The majority of the world’s poorest people live and work in rural areas. This research paper examines links between disaster risk and poverty trends to inform the central analysis and illustrate the dynamics of the disaster-poverty interface. It looks at disaster risk-poverty interface through the lens of rural livelihoods providing a framework for assessing rural poverty and disaster risk. The paper:
considers the relationship between rural poverty and exposure to hazards by analysing the specificities of rural dimensions of poverty.
discusses vulnerability and how rural poverty contributes to and exacerbates vulnerabilities and hazards
explores how processes that link rural and urban areas influence disaster risk for poor people living in rural areas
examines the potential threats and opportunities posed by climate change for poor people in rural areas
sets out different approaches to managing rural poverty and disaster risk focusing on measures to reduce vulnerability to both.
The study sets the rural analysis within a livelihoods framework, embodying notions of well being as the absence of poverty. It states that encompassing politics and policy processes and agro-ecological conditions, livelihoods approaches consider the combinations of human, financial, social, political, and natural capital - that are necessary to follow different livelihoods strategies and achieve different outcomes. It considers the role of formal and informal institutions and institutional dynamics in mediating capabilities and improving well being and argues that livelihoods approaches embody multi-dimensional concepts of poverty. To tackle rural poverty and disaster risk, the paper makes the following recommendations and policy interventions:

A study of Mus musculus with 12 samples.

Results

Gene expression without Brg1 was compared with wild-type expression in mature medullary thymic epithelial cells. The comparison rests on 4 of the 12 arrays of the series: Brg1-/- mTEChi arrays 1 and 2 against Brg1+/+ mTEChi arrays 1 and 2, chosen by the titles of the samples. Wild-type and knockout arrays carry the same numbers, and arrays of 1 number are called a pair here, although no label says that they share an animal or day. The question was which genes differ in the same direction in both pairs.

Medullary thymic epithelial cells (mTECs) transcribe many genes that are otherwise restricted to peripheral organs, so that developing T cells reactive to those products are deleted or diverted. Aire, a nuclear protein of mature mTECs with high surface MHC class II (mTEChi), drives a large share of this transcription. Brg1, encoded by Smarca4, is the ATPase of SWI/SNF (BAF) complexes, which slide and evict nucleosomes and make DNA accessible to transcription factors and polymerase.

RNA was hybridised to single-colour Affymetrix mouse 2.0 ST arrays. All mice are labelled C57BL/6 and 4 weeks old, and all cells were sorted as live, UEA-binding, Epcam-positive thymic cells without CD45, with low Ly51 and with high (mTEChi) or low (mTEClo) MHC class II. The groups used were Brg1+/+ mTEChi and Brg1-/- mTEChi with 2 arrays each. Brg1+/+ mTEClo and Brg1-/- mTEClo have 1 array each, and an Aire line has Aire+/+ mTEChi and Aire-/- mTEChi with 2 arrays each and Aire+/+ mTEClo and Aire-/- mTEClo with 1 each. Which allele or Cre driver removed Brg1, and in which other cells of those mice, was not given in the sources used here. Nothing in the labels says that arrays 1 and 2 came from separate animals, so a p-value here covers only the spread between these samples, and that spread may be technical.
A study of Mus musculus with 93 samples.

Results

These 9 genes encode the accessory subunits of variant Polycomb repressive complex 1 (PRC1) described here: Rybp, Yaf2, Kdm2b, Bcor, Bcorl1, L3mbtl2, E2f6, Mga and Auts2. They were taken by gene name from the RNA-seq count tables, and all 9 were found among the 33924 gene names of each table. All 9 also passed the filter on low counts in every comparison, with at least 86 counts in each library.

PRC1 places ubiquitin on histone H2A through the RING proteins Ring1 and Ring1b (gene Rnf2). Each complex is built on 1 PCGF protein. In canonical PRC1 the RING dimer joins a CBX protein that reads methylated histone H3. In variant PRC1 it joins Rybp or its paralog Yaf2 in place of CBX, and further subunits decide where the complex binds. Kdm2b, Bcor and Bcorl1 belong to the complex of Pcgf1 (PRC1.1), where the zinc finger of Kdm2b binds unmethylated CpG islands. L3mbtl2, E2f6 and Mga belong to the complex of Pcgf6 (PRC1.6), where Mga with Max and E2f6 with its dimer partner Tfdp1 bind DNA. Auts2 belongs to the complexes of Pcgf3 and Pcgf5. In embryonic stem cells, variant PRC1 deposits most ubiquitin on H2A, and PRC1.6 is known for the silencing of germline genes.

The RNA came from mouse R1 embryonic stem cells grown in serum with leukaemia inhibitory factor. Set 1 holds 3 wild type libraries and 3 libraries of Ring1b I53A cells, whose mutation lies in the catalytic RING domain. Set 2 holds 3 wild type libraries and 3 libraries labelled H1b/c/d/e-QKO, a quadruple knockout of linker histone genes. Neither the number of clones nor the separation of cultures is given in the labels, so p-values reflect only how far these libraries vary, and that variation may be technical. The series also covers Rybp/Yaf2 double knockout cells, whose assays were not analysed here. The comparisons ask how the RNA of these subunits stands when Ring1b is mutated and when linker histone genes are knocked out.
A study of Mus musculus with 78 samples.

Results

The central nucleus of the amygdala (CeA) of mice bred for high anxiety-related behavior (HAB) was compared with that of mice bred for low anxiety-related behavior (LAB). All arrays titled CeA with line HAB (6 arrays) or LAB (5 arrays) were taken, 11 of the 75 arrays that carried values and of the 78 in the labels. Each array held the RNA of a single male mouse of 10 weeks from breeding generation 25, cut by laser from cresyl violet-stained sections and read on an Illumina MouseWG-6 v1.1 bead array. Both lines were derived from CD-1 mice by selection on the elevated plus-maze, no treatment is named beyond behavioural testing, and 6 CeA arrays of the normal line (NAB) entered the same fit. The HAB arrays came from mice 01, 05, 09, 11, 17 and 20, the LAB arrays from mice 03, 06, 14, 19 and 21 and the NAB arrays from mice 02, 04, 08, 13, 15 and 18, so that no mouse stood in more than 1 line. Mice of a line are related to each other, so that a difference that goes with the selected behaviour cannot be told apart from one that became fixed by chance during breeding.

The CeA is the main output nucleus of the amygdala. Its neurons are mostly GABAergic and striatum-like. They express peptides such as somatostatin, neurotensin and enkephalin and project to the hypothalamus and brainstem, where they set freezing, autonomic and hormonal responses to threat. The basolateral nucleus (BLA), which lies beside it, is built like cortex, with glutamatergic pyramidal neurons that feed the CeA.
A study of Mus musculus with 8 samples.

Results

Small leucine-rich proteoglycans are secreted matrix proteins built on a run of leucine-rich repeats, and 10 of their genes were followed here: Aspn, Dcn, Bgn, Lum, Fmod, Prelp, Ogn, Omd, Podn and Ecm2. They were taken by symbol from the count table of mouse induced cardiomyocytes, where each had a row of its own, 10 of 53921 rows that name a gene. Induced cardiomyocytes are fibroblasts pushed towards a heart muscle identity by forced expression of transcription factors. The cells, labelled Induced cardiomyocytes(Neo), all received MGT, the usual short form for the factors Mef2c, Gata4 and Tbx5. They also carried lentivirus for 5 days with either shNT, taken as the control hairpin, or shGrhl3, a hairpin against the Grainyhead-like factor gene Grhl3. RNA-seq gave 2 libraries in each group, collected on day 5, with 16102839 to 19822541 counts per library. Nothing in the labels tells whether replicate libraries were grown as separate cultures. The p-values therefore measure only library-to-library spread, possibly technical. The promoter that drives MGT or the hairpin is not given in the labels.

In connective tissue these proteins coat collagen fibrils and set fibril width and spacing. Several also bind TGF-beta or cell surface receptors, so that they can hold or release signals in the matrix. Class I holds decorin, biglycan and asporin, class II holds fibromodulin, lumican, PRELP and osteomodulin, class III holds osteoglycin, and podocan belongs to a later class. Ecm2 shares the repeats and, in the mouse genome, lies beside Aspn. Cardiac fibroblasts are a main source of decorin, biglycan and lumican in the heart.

build the asset base of poor rural people - asset-based policies have to build up the asset base of the rural poor, maintain access to assets and minimise disruption in event of disaster.
mainstream DRR into PRSPs by integrating local government disaster risk management within national development programmes and supporting the capacity of civil society to hold local governments to account.
DRR must form a closer relationship with social protection by transforming productive livelihoods and grounding in an understanding of the structural root causes of poverty in a particular region or sector, permitting more effective targeting of vulnerability to multiple shocks and stresses.